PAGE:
On Tuesday during a Children’s Health Fund event in New York City, Hillary Clinton encouraged Americans to resist Trump's budget proposal. She characterized the budget plan as being unbelievably cruel and suggested without hesitation that congressional Republicans and Trump are "mounting an onslaught against the needs of children and people with disabilities, women, and seniors." Trump released his first formal budget proposal earlier that same day, though there is reason to believe it's already facing an uphill battle in Congress.
Speaking at the annual benefit, Clinton slammed the budget proposal's potential effects on sick and poor Americans, accusing it of showing a "lack of imagination and disdain for the struggles of millions of Americans, including millions of children."
This is how ideologues justify punishing the sick and the poor. Poverty is neither a crime, nor a character flaw. Stigmatize those who let people die, not those who struggle to live.
Trump's budget proposal entails cutting over $800 billion from Medicaid over the next decade. Among other funding cuts, the plan would also cut disability benefits by $72 billion and $272 billion from welfare programs. In addition to cutting programs that assist America's vulnerable adults, Clinton also claimed the proposal, if enacted, would be devastating for children. “It hurts the well-being of children,” she expressed. “It’s time to send a resounding message that we will not stand for this attack on the most vulnerable among us.”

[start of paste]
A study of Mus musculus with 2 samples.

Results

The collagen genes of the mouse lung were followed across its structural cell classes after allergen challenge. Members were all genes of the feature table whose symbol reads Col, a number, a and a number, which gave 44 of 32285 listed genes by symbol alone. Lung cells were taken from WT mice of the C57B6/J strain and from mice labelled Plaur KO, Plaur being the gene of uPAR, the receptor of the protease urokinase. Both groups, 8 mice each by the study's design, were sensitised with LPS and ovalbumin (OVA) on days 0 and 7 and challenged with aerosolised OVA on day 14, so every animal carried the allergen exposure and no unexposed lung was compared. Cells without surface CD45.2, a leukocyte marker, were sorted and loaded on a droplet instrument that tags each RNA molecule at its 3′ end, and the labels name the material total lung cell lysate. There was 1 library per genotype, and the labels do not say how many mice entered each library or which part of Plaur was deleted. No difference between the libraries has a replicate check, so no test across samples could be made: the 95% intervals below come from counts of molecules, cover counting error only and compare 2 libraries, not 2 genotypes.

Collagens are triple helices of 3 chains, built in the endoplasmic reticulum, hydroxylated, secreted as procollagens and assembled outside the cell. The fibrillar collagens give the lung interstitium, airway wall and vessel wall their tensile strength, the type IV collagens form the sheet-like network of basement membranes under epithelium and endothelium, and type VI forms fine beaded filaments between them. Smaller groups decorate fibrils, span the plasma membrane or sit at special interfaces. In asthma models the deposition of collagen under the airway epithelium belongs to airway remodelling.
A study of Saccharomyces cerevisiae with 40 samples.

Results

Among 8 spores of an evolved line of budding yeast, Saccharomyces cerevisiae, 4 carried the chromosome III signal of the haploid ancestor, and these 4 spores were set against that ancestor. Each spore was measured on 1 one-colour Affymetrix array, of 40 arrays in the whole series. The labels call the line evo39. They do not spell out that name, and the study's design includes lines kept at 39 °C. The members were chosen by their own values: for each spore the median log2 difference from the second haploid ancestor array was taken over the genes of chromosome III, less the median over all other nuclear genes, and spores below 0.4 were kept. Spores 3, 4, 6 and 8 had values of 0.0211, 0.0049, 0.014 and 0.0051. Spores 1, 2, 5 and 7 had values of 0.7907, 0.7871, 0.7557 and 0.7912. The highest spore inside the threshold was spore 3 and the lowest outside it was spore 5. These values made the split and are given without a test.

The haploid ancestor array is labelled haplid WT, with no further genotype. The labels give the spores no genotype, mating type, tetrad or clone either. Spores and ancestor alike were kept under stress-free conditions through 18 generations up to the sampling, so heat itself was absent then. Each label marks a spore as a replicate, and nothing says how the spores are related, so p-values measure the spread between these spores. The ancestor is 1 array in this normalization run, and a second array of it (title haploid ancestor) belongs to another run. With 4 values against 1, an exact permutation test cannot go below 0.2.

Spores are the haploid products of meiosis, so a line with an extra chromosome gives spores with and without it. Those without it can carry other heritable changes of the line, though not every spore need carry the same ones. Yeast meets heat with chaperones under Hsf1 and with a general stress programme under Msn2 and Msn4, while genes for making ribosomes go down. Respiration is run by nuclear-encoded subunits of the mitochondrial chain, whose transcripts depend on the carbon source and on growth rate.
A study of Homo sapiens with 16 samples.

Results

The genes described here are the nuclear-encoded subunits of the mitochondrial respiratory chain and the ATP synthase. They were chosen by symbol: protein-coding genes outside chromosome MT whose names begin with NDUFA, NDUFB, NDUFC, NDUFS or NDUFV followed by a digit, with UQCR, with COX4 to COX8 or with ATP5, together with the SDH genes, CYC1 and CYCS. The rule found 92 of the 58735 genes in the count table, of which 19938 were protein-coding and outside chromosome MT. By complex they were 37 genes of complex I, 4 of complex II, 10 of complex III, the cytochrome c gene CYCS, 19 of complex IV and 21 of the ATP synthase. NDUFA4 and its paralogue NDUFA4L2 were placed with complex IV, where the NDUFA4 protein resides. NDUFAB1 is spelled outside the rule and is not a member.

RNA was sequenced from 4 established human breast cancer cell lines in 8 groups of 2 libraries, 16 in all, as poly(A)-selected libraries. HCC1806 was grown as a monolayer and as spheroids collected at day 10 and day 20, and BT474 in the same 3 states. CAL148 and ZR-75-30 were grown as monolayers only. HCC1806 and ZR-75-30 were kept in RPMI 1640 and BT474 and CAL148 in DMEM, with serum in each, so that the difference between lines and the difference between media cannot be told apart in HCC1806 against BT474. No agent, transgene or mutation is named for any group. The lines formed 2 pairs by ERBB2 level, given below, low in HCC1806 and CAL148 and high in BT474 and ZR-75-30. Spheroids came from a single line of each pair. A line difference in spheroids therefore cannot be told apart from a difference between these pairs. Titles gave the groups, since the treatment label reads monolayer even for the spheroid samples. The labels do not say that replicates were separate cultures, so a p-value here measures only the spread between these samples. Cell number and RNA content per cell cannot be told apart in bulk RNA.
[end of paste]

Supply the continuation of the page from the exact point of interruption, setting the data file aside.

Over the past several weeks, Clinton has become more vocal after losing the electoral college vote in November 2016's presidential election. Earlier in May, she announced the creation of a new political action committee (PAC) called Onward Together that will fund anti-Trump resistance organizations. And during her interview with CNN's Christiane Amanpour that same month, she let America know, "I'm now back to being an activist citizen and part of the resistance." It seemed as though her Children Health Fund speech was a continuation of that activist spirit.
And though it's important to stand up against Trump's budget proposal if you disagree with it, there's a slim chance it will go through Congress as it was initially presented. CNN's Deirdre Walsh and Ted Barrett, for example, described the proposal as being more akin to a "political wishlist," as these types of things traditionally undergo several revisions before appealing to both the House and Senate. Then again, 2017 has proven to be full of surprises and Republicans control both the House and Senate. So, it's never too early to take a stand.